Vesuvianite

General
CategoryMineral
Chemical formulaCa10(Mg, Fe)2Al4(SiO4)5(Si2O7)2(OH,F)4
Identification
Molecular Weight1,422.09 gm
ColorYellow, green, brown - rarely blue or red
Crystal habitMassive to columnar
Crystal systemTetragonal
CleavagePoor to very poor
FractureSub conchoidal
Mohs Scale hardness6.5
LusterVitreous to resinous
Refractive indexnω = 1.702 - 1.742 nε = 1.698 - 1.736
Optical PropertiesUniaxial (-)
Birefringence0.0040-0.0060
Pleochroismslight in colored varieties
StreakWhite
Specific gravity3.35 - 3.45
SolubilityVesuvianite is virtually insolouble in acids
DiaphaneitySubtransparent to Translucent
Other Characteristicsstriated lengthwise

Vesuvianite, also known as Idocrase is a green, brown, yellow, or blue silicate mineral. Vesuvianite occurs as tetragonal crystals in skarn deposits and limestones that have been subjected to contact metamorphism. It was first discovered within included blocks or adjacent to lavas on Mount Vesuvius, hence it's name.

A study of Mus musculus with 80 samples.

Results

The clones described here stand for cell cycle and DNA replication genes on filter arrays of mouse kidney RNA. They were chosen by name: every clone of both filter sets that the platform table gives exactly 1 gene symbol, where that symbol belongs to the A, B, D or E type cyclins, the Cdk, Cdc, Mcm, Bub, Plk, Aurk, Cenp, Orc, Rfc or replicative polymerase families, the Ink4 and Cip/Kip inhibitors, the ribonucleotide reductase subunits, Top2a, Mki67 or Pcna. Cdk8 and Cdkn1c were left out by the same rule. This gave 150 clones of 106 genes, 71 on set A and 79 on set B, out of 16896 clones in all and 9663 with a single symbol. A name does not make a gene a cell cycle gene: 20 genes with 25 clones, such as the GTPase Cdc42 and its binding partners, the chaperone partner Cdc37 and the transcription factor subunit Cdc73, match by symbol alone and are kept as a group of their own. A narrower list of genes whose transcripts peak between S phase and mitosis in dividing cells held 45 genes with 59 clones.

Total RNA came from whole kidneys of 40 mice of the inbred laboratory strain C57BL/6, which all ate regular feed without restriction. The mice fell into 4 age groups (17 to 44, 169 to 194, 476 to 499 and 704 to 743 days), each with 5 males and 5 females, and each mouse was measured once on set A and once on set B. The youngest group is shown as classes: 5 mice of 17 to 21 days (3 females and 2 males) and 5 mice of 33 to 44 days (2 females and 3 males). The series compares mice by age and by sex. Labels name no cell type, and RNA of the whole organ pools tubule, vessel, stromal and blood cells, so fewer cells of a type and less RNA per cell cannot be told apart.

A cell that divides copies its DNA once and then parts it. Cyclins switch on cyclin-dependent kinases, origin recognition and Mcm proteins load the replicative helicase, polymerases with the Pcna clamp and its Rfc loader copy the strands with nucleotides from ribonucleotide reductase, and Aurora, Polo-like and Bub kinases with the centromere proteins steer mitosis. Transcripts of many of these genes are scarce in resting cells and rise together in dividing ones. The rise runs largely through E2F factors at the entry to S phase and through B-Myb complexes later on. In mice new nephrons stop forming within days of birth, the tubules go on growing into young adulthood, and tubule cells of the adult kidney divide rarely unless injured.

Additional recommended knowledge

A bluish variety known as cyprine has been reported from Franklin, New Jersey and other locations, the blue is due to impurities of copper. Californite is a name sometimes used for jade-like vesuvianite, also known as California-, American- or Vesuvianite-jade. Xanthite is a manganese rich variety. Wiluite is an optically positive variety from Wilui, Siberia. Idocrase is an older synonym sometimes used for gemstone quality vesuvianite.

References

  • Deere, W. A. et al., 1962, Rock Forming Minerals: Vol. 1 Ortho- and Ring Silicates, pp. 113 - 120
  • Webmineral data
  • Mineral galleries
  • Mindat with location data
  • Vesuvianite at Franklin -Sterling
  • Mindat - Cyprine var. w/ location data
 
This article is licensed under the GNU Free Documentation License. It uses material from the Wikipedia article "Vesuvianite". A list of authors is available in Wikipedia.